Finding The Perfect “On-Hold” Music
Whether you have a large company or a small business on Main Street expanding your customer service call-in line, you’re likely either thinking of just having repeated messages, or better yet, looking for the best on-hold music for people to listen to.
But looking for music to play is a bit dicey these days, especially with artists and the copyright offices coming down hard on people who replay music over the air illegally. So, while it might be tempting to pull out your phones or MP3 players and play the stuff you have on those devices, that’s considered “rebroadcasting,” and it’s illegal.
Replaying Music & The ‘Copyright Police’
“How is it illegal?” you may be asking. Good question. Sure, you might have purchased the music, but replaying the music over your on-hold service without asking permission, etc, means that the artists won’t get royalties for their work, and to be fair, they are professional musicians. Music is what they do for a living, and if they’re not super-popular, Top-40 artists, they may not get as much money as you might think they do, even if their music is truly amazing.
Plus, if you replay music without permission, you can easily be slapped with a hefty lawsuit, and don’t think that just because you’re a small business that the “copyright police” won’t find you at all. They will, eventually, especially since they’ve been trying to crack down on smaller businesses as well as the large ones. Your business, as well as your reputation, will be in jeopardy, and we don’t think you want that. So it pays to get, and stay, legal with any music you use, from on-hold tunes to marketing videos.
“So, what are my options for properly licensed music?”
One option might be playing an FM radio station aimed at your demographic but guess what? You are obligated to pay royalties for that music too. ASCAP and BMI, the 2 agencies tasked with tracking that stuff can fine you for using “their” music without permission.
Another option might be the best of all, to you and your customers: Royalty-free, legally licensed music. “Wait, how does that work?” Glad you asked!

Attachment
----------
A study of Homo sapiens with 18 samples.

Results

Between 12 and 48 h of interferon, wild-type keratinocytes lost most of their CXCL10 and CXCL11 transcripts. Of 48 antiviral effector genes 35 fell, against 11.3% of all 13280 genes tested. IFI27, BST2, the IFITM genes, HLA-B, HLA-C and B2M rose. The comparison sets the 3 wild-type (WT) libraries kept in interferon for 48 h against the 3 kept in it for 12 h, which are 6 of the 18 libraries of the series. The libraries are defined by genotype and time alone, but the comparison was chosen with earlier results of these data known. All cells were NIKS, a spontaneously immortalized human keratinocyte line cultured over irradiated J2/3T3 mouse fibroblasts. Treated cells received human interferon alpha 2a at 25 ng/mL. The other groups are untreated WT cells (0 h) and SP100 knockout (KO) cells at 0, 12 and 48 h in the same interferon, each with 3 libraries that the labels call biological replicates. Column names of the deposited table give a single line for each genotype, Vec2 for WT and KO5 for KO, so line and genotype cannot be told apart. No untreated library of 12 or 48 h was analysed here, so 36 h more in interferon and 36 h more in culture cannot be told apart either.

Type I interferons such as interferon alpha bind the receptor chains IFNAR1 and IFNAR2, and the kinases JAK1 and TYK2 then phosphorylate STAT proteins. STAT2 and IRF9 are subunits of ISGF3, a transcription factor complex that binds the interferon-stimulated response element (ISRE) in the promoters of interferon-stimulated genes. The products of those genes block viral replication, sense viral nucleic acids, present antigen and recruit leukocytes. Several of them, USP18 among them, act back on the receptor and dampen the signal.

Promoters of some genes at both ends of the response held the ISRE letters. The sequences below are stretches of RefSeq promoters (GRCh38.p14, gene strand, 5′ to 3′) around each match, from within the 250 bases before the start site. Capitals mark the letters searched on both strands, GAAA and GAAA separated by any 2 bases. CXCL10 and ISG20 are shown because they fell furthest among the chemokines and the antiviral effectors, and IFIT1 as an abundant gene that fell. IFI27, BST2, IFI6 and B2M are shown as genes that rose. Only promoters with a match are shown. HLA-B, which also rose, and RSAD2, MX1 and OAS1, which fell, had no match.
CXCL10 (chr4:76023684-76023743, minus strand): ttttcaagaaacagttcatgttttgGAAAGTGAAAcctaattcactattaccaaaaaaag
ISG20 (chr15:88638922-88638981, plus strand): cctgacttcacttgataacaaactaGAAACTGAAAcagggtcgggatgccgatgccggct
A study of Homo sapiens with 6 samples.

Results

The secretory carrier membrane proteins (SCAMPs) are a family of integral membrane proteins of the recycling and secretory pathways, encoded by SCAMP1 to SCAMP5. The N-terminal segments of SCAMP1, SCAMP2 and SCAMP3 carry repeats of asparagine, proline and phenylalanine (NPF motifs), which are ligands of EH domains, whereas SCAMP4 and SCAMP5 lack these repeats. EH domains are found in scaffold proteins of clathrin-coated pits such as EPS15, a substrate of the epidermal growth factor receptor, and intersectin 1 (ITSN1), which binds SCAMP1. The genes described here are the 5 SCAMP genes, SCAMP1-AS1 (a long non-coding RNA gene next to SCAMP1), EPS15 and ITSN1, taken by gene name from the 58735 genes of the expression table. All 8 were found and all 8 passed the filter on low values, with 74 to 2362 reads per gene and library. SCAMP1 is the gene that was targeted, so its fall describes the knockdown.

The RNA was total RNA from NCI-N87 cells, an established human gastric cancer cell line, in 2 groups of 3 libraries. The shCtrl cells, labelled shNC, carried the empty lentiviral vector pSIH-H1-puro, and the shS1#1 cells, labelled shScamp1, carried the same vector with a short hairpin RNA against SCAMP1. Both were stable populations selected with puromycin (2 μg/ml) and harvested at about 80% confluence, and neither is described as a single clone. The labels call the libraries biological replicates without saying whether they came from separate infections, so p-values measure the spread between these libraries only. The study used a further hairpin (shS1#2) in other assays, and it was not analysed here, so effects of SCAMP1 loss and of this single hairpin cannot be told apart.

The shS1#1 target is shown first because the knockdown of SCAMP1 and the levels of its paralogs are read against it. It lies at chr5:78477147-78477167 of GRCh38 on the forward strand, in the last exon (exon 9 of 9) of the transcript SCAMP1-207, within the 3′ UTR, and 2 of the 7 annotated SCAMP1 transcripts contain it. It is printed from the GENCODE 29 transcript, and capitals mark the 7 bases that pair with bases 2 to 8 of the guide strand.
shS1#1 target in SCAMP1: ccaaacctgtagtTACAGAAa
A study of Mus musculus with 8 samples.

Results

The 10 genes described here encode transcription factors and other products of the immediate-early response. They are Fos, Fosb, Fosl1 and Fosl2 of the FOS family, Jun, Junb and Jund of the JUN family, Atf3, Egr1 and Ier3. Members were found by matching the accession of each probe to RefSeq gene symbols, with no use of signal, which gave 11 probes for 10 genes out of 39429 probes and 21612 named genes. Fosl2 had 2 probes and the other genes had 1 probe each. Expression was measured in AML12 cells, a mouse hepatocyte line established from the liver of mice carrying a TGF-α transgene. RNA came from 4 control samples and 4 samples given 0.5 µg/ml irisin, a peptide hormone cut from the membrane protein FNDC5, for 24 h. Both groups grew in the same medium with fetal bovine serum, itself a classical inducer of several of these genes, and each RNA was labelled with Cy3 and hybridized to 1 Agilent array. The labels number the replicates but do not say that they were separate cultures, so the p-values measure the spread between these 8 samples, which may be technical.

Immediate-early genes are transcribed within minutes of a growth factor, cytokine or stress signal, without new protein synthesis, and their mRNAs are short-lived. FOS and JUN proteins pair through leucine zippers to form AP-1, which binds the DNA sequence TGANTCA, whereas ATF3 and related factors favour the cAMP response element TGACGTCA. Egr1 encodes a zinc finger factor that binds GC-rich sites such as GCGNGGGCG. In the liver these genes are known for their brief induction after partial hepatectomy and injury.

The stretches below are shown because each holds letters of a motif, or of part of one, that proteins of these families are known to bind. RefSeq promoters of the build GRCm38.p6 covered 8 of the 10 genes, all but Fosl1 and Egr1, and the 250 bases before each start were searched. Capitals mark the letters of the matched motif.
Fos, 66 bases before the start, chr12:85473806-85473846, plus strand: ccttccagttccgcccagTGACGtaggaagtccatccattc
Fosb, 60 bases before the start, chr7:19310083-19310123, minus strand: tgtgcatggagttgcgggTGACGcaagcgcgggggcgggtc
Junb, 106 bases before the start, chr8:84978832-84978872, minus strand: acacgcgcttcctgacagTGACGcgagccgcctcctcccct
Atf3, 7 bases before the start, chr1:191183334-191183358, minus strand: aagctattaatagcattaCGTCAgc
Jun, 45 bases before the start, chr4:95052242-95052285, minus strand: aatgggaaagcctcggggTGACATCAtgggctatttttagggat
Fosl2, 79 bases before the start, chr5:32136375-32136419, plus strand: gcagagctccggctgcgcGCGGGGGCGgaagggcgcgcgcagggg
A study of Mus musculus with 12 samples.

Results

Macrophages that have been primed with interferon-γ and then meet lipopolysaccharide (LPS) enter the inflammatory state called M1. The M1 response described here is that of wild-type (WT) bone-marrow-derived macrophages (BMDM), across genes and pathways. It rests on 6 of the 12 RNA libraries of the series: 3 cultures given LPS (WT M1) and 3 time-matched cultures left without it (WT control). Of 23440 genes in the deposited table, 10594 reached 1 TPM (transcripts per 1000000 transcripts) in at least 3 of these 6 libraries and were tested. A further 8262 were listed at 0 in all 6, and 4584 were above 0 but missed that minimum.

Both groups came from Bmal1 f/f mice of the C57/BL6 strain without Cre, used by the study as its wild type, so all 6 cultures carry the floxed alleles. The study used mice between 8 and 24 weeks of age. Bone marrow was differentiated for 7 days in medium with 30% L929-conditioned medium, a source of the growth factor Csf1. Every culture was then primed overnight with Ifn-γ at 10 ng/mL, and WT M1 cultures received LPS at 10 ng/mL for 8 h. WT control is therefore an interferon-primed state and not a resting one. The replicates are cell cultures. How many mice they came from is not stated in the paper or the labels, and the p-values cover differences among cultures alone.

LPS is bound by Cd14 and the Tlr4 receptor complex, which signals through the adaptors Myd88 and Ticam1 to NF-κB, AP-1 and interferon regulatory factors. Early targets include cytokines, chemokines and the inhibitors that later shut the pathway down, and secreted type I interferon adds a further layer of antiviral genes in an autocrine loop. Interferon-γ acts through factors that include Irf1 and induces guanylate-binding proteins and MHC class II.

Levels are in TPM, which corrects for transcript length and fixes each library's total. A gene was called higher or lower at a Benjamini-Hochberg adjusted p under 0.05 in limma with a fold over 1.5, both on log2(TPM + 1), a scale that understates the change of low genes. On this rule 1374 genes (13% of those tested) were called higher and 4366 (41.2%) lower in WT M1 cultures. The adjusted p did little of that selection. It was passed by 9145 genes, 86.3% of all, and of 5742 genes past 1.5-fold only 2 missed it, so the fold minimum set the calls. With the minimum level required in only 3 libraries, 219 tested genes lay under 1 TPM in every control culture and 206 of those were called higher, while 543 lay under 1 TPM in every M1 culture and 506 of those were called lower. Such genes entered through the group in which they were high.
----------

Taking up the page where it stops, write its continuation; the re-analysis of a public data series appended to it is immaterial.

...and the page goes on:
There are two types of royalty-free licenses: Standard, and Creative Commons. The Creative Commons license, which is free of charge, is something of an “open-source” or “fair use” license aimed at amateur video or film makers, or other audiovisual artists not seeking to make money just yet, if at all.
The Standard License for royalty-free music, however, is for businesses, and usually it tends to be a reasonable price. FreeMusicPublicDomain has this particular license on offer for about $25. Also, they have lots of great tunes on their site that could be used as “on-hold music,” but they do, however, have a particular selection of works that might just have your customers thinking they don’t mind being put on hold.
Most of the tracks on their “On-hold music” page are down-tempo, chill or jazzy, and certain to lower anyone’s blood pressure and help them calm down, but one song is fairly up-tempo and will put listeners in a happy, silly mood.
How the process works: Select the song you want, complete the license purchase via Paypal, and then return to the license page to download the license agreement. It’s just that simple, and since it’s only $25 per song, you can get quite a bit of music for all your needs, whether it’s any kind of “telephone-wait” situation, or even your marketing video efforts. If you’re a relatively new company, you can even get a jump on the holiday “on-hold” music, as FreeMusicPublicDomain.com has a Christmas category.
With a standard license and royalty-free music, you’ll have the best of both worlds: Great music for customers to listen to, and no legal worries on your end.